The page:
Eight Questions is an occasional series of interviews that I’m including on the site. Being a naturally gifted (read: lazy) interviewer, I will be using the same eight questions in every interview.
This time, I’m answering the questions myself! I’m best known in literary circles for setting up and running the annual writing event, Novel-in-a-Day, as well as producing the overarching stories used in all of the books. I’ve also collaborated with the guys at Literature and Latte to produce the Sci Fi translated interface for Scrivener and Scapple on Windows, and from time to time have dabbled in various pieces of fiction and the occasional technical writing exercise.
1 – What did you do before you did this and what do you miss about it?
The non-artistic half of my head is still actively employed in doing the things I used to do before I did this, but that guy’s busy all the time and not as interesting.
The biggest thing that The Pigfender Personality would miss about the other guy’s job (if it were to stop at some point) revolves around the people. You know those Aaron Sorkin TV programs, like The West Wing or The Newsroom? The ones where teams of bright people work with passion and energy towards a common goal? And they don’t mind shouting at each other on occasion, but generally work in this hugely collaborative environment of mutual respect and friendship?
That’s exactly how I imagine I’ll misremember it afterwards.
2 – How many projects are you working on at the moment and what can you tell us about them?
The main one is a legal thriller about a guy called Dave. He’s a recovered alcoholic, a terrible lawyer, and a good husband and father whose life unravels when he gets into a car accident with a homeless pedestrian called Roy and a dog called Dog. I’ve been working on it for a while now. It’s great fun (for me, anyway) but it’s the piece that gets put on hold every time I have to put my creative energies (or, you know, just regular energies) into other things.
I’m also working on an idea that could be the next Novel-in-a-Day if that goes ahead in 2016, but you’ll have to wait until an as-yet-undetermined weekend in October to learn about that one.
3 – If you had to quit either reading or writing which would you pick?
I’d quit writing.
I did have to think about it, though. I don’t love books, per se. There are individual books that I love, and I have several authors whose books I really enjoy, but it’s not the medium in particular that roasts my chicken. It’s stories.
If I quit reading, I could still get my story kick by watching movies, or maybe even by taking part in real life… but there are some very specific books I’d miss like the amazing Flowers for Algernon which I didn’t write and never will [sadface], and I’d get really grumpy when the latest Lee Child came out and I wasn’t able to pick it up.
4 – If you could magic another hour into the day, where would you put it and what would you use it for?
Since actually getting an hour for lunch in my real life is rare, I’d use the magic to stop the clock on the world whenever I’ve sat down with a food and caffeine combo, and delight in reading, writing, listening to music, or just sitting there and letting my sub-conscious do the things sub-consciouses are supposed to do to stop you going peculiar.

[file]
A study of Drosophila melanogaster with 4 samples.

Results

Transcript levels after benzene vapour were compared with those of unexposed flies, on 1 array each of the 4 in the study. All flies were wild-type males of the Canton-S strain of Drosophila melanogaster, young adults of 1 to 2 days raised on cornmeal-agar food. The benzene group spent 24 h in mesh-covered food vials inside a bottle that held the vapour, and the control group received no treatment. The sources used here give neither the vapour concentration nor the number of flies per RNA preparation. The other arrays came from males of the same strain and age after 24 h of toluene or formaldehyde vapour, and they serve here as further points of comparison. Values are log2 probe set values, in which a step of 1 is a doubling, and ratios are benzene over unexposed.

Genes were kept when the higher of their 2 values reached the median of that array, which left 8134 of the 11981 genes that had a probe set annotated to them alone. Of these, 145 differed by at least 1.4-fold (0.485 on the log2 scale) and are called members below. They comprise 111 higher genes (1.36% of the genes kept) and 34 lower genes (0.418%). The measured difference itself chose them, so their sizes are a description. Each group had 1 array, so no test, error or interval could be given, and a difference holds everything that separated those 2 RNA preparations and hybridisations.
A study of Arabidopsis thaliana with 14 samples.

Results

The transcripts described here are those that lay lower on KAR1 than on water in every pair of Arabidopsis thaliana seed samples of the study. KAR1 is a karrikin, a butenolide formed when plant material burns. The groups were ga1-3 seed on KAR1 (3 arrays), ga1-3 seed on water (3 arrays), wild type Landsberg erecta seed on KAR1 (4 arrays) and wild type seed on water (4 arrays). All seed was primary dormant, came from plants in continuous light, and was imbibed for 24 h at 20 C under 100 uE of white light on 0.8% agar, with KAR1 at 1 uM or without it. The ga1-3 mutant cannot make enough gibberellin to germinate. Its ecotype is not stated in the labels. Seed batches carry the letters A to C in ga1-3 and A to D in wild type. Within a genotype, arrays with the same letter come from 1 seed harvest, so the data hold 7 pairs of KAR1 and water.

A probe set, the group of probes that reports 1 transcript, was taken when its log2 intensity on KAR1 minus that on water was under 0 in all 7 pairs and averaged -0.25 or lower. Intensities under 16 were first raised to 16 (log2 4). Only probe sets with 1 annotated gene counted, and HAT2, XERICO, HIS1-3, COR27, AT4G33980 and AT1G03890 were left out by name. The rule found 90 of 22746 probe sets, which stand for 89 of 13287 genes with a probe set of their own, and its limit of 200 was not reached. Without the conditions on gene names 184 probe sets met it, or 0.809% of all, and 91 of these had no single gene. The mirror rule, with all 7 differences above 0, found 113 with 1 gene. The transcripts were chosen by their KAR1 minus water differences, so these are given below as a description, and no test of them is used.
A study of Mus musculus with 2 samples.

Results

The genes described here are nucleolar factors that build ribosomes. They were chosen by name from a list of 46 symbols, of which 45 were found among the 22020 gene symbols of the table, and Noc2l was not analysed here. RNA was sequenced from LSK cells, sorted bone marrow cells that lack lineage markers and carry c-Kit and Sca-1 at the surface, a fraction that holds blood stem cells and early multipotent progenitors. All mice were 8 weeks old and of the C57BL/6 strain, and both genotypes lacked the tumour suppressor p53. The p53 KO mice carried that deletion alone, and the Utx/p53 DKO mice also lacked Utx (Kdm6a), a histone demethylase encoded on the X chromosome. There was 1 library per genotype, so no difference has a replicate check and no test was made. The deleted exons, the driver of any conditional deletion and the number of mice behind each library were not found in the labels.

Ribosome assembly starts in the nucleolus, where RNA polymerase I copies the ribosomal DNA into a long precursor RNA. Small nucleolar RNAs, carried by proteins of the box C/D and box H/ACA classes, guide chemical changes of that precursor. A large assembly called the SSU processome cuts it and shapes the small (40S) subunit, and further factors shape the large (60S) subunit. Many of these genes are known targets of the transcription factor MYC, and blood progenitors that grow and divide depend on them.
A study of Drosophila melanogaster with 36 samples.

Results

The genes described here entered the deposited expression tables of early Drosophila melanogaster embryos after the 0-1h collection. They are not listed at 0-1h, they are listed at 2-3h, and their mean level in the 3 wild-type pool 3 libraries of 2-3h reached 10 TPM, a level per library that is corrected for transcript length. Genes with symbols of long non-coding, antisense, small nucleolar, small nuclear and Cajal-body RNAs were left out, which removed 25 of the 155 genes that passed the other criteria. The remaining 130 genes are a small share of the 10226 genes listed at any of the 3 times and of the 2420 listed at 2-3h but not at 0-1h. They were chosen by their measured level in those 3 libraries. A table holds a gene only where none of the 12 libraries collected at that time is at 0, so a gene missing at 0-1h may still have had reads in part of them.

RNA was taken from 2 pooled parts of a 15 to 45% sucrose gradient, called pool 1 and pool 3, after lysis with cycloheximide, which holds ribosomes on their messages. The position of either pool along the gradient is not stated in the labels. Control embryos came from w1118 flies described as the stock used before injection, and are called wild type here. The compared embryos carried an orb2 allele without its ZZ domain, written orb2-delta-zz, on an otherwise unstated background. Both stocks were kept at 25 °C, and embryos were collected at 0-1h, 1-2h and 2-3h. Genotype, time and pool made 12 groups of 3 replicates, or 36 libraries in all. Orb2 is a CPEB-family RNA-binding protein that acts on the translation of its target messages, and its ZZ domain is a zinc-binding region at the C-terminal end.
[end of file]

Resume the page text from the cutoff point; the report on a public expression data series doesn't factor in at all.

5 – What is your pet hate in writing / language?
I’ve previously written about misusing words whose meaning is obvious (such as the word ‘unique’). The thing that irritates me most, though, is when people can’t resist showing off their research with that whole here’s-everything-I-know-on-this-subject approach.
It turns me off to read long sections – or even short paragraphs, to be honest – of this kind of stuff in writing. In conversation, it starts me thinking about imaginative death scenarios.
6 – Are there any genres that you love to read but which you never write?
Novel-in-a-Day gives me the opportunity to work in different genres, so I’m lucky to have that outlet for more diverse fiction genres.
I enjoy a good travelogue from time to time. Bill Bryon’s Walk in the Woods, for example, is pretty funny. I can’t see me writing one, though. The idea of telling the general public where the Really Good Places are sounds like it’ll make it harder for me and Mrs Pigfender to get a table for dinner, and it strikes me as perverse to put yourself in the position of wanting your own book to be unpopular and uninfluential.
7 – Do you have any writing rituals, habits or idiosyncrasies that you can share?
I like to think I’m pretty normal, without any superstitions or rider requests. I can write pretty much anywhere, especially if I have noise cancelling headphones with me.
Incorporating non-IT solutions into my operational workflow (ie, using a pen) is an important part of my creative process. In fact, I’m a bit of a stationary snob. I use Smythson notebooks and the (now discontinued) Waterman Gentleman fountain pens. My version of the Scrivener writing software has all the icons switched out with bespoke ones that look like Smythson stuff.
I also LOVE whiteboards far more than a human should.
8 – What are you selling and where can I buy it?
Well, if you like writing you you should check out Novel-in-a-Day. It’s free.
If you like reading, there are books available from the previous NiaD events. They’re also free.
By popular request, you can buy NiaD t-shirts and mugs.